On New Year’s Eve, I walked into the backyard and greeted my neighbors. I said something that I think many people were hoping, “May 2021 be better than 2020”. I’d have to say, as we come to the end of the first month of 2021, those hopes have not yet come to fruition.
We made it through a tumultuous election year, and though the TV ads and robocalls have stopped, deep divisions and mistrust continue in our nation. Though we ended the year with the promises of vaccines to come, it now seems as if it will take months for enough of the world’s citizens to be immunized to have a significant effect on the spread of COVID-19; and so many continue to die. We celebrated last Christmas by hearing angels promise “Peace on Earth and goodwill to all,” and yet violence threatens the very halls of Congress, not to mention our city streets.
Yes, the year has started in some disappointing ways, but that makes this week’s gospel especially appropriate. This Sunday, we hear about the launch of Jesus’ ministry in Mark, when he casts out an evil spirit and is received as one who teaches with authority. This moment marks the first public action Jesus takes.
Those who study the Gospels like to take note of such “first things.” These first public actions of Jesus tend to set the tone for much of what is to come. In Matthew, Jesus climbs a mountain to teach and interpret the law, like Moses. In Luke, Jesus announces that the Lord has sent him to proclaim good news, release, and healing, a message that exemplifies his ministry even as it is met with rejection. And in John, the first thing Jesus does is multiply the wine and blessing at Cana, demonstrating the “grace upon grace” promised in the Prologue.
So what does this “first thing” tell us about Jesus according to Mark’s story? That he has come to oppose the forces of evil. And how does Jesus define this evil? Evil is anything and everything that robs God’s children of life. And though this has been a particularly challenging time, the forces of violence, fear, and injustice have always been with us.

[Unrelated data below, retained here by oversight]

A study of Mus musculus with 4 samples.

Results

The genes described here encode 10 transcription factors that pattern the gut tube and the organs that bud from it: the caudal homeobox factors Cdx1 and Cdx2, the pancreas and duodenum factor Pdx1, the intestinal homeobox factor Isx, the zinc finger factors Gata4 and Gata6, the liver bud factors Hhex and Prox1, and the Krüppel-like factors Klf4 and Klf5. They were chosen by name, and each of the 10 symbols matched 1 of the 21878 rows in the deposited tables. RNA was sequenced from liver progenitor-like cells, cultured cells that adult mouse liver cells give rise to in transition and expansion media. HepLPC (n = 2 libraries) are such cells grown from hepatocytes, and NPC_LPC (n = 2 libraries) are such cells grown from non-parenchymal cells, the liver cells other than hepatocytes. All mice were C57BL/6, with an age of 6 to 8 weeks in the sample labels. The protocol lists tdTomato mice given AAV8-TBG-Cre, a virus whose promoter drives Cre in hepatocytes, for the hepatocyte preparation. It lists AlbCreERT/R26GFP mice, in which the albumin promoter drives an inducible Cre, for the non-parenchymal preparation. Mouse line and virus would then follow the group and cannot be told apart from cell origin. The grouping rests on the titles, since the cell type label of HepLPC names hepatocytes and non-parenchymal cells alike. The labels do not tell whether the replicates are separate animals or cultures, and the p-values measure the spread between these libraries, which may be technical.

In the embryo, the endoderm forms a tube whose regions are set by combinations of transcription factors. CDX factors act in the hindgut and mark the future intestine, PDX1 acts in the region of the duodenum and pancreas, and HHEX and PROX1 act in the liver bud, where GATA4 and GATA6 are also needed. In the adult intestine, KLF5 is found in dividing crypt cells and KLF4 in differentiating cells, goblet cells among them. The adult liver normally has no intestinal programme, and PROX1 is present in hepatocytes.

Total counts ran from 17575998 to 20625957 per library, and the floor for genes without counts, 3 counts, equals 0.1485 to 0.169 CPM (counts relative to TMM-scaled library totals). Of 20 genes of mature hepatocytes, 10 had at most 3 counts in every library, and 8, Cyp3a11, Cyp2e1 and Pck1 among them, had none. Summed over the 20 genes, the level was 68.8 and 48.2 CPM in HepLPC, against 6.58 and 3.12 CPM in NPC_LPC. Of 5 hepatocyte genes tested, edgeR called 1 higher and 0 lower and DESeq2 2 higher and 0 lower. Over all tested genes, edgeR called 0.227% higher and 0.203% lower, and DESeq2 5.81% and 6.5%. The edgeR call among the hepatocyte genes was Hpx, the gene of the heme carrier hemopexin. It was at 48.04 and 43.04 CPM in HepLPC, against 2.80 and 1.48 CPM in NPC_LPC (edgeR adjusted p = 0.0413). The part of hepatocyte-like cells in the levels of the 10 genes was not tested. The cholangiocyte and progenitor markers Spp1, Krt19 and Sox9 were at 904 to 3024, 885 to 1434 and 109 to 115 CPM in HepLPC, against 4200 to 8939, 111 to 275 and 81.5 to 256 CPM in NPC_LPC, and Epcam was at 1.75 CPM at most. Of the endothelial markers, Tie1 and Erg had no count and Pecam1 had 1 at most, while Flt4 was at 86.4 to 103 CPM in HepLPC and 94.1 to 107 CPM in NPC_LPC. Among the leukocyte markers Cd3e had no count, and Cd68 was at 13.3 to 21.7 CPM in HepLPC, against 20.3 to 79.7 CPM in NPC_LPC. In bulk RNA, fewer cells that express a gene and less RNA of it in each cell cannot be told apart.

And the gospels speak to this.
As a matter of fact, the presence of evil and God’s power to oppose it are the very reasons they were written in the first place. As the early Christians realized that Christ’s return was not as imminent as they first thought, they retold the stories of Jesus to equip his disciples for the long haul. In particular, it is Mark’s gospel that ends by promising that Jesus has gone ahead of the disciples and they are to follow him. Jesus inaugurated God’s kingdom, resisted the forces of evil, and opened up a future of possibility and hope. Jesus’ spirit equips us to live into that kingdom now, even while we wait for its full consummation at the end of time.
So even though we may be past the time for New Year’s resolutions, it is never too late to ask ourselves, how are we living into God’s kingdom today? To borrow categories from the prophet Micah:
· Each day of this new year, how are you continuing to do justice?
· As divisions deepen, how are you loving kindness?
· As the challenges of this particular year continue to multiply, how are you walking humbly with your God?